In the second of my two Leeds Trinity University workshop reviews is Liz Mistry: The Crime Writers Toolbox.
Liz Mistry completed the MA in Creative Writing at Leeds Trinity in 2016 and subsequently has had three crime fiction novels published by Bloodhound Books (Unquiet Souls, Uncoiled Lies and Untainted Blood). Her fourth novel, Uncommon Cruelty, will be released in April 2018. She is currently researching a PhD in Creative Writing, again at Leeds Trinity, focussing on the crime fiction genre. Although born in Scotland, Liz has spent most of her adult life in Bradford, and uses her many years living and teaching in the inner city to inform her writing.
The workshop aimed to explain some of the 'tools' used by crime fiction writers to create a portfolio of crime fiction using them. Identify what make a crime novel work for the reader and find ways of 'sourcing' each element of the crime tool box.
Ratchet - symbolises turning up the tension
Twist - reveals
Spanner - red herrings
Crochet hook - the hook (what gets the reader invested)
Roll of the dice - What if? (writers ability to change creatively)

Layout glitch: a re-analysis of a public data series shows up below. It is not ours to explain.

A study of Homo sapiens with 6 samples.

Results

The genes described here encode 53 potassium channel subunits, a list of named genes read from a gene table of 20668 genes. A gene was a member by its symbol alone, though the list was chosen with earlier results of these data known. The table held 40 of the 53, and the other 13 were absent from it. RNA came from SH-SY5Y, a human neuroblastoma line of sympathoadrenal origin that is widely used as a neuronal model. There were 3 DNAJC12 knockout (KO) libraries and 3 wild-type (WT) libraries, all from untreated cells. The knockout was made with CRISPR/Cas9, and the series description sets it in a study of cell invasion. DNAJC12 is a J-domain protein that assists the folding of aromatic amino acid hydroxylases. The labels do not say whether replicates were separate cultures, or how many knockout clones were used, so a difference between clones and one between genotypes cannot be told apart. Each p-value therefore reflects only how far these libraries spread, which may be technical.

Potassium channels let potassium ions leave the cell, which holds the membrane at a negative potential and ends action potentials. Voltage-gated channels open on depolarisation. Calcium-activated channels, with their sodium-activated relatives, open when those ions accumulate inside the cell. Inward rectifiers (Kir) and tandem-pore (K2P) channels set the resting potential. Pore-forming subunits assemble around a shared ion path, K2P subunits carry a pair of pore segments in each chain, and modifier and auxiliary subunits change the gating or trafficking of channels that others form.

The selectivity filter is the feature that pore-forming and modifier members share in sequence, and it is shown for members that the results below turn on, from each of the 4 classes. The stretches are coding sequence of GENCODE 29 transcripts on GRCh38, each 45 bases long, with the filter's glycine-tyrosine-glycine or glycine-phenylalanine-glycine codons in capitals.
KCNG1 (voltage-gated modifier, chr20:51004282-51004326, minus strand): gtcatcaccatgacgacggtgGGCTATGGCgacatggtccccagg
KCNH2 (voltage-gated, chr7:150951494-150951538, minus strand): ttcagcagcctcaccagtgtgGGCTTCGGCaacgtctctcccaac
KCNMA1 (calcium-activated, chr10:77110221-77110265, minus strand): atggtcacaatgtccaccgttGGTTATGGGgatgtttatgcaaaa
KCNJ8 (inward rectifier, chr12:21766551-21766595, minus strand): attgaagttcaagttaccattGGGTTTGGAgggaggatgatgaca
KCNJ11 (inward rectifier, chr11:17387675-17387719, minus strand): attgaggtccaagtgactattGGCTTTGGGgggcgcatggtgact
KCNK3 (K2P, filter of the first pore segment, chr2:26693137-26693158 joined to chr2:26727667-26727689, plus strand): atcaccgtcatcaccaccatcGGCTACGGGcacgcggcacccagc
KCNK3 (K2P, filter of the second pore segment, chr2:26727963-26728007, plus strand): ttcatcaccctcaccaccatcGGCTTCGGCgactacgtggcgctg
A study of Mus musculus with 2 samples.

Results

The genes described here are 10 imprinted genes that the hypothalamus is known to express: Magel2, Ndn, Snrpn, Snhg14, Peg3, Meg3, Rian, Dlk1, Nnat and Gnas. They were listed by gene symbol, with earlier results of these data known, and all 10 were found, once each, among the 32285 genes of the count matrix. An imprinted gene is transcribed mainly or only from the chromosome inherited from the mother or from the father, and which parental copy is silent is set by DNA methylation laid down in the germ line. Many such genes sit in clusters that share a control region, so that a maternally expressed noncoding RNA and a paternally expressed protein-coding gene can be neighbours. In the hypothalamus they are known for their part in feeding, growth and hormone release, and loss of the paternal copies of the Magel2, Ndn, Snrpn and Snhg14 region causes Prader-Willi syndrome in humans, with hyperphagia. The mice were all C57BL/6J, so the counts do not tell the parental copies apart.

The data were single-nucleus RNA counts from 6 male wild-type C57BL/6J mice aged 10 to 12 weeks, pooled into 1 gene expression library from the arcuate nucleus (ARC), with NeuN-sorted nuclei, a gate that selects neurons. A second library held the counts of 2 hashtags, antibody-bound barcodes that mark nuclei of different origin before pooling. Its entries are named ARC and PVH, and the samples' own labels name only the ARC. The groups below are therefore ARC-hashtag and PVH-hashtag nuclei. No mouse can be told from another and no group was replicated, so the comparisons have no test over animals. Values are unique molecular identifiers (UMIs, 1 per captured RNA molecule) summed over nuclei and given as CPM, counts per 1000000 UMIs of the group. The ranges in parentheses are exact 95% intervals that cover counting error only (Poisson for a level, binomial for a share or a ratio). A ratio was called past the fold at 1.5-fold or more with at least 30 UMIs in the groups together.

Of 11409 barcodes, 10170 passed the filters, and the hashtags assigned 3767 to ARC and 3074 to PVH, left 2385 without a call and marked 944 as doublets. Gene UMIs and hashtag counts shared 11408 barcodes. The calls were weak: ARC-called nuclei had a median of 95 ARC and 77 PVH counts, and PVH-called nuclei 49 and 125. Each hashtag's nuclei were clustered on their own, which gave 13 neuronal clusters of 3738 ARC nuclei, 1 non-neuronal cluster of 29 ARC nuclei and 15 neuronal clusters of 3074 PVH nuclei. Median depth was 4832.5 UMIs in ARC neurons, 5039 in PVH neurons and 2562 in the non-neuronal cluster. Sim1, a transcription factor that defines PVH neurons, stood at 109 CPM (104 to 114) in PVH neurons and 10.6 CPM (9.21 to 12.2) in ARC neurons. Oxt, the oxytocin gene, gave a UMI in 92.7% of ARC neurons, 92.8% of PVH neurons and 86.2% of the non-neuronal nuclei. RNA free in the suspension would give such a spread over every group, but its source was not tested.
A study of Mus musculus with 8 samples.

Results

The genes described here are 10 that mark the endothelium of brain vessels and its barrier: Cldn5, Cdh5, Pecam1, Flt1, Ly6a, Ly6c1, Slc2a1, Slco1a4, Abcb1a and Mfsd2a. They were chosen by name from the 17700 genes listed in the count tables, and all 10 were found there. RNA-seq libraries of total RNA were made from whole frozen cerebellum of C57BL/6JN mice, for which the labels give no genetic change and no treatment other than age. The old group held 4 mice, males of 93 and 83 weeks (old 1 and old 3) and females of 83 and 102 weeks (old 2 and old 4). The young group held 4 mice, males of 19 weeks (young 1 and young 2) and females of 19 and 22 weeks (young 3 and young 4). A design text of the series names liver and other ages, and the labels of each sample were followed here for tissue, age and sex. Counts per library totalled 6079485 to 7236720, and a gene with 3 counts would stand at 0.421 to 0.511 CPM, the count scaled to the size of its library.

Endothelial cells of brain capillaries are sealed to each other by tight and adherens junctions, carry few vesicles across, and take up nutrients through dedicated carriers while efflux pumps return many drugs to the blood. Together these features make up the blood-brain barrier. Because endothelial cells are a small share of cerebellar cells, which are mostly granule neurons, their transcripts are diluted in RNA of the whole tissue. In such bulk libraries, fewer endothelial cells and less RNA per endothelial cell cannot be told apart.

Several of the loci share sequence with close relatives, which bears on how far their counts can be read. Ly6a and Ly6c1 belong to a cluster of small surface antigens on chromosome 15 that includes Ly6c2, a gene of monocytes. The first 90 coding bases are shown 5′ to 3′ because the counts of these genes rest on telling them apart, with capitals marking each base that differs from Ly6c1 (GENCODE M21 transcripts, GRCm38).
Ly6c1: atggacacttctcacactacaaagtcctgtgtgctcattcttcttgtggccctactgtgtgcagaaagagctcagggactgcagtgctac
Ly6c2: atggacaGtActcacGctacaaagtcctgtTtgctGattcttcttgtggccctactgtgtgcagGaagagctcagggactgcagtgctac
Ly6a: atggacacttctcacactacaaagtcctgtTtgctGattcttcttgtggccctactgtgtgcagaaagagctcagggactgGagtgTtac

Crime scene tape 'do not cross' - Compelling first line for your story
The big What If? Question any scenario is key in crime fiction. Allow imagination to spread its wings and explore other alternative possibilities. Inspiration - imagination, out and about, news/papers, articles, problem pages etc., photo's and postcards/art work, your own memory/experience and more.
Take a notebook and jot down your ideas and overheard conversations.
What if? Sift through articles, pictures etc. until you find one for stimulus or think of an incident that happened to you.
A novel excerpt was given - this character is about to die from something in his past that he hopes has been forgotten.
Hook - 1 Leave something unresolved 2 Unanswered questions 3 Introduce characters that pique the readers interest 4 Provokes emotion in the reader.
My clipping was about a body found after an accident on a zip line in Peru.
Ratchet up the tension - 1 Increase the tension in a scene, paragraph or section of the novel 2 To intensify the emotional connection to the reader 3 To move the plot along 4 To give a sense of impending danger.
So how is it done? Tension, trough, tension, trough etc.
1 Create a life/death dilemma for your character
2 Place a time constraint on them
3 Make the reader party to a danger that the character is unaware of
4 Put the character in jeopardy
5 Take away something they rely on
6 Make it personal for the character
Doing the twist - Twists don't have to come right at the end of a novel, they can come during and more than once, but readers are used to them being at the end. Balance your twists:
1 Put reader off kilter
2 Change perceptions of the reader
3 Gives them a thrill
4 Engages the reader intellectual participation
5 Helps to develop the plot
Can use the 'What if' tool here.
Using these notes, I wrote a four-part short story.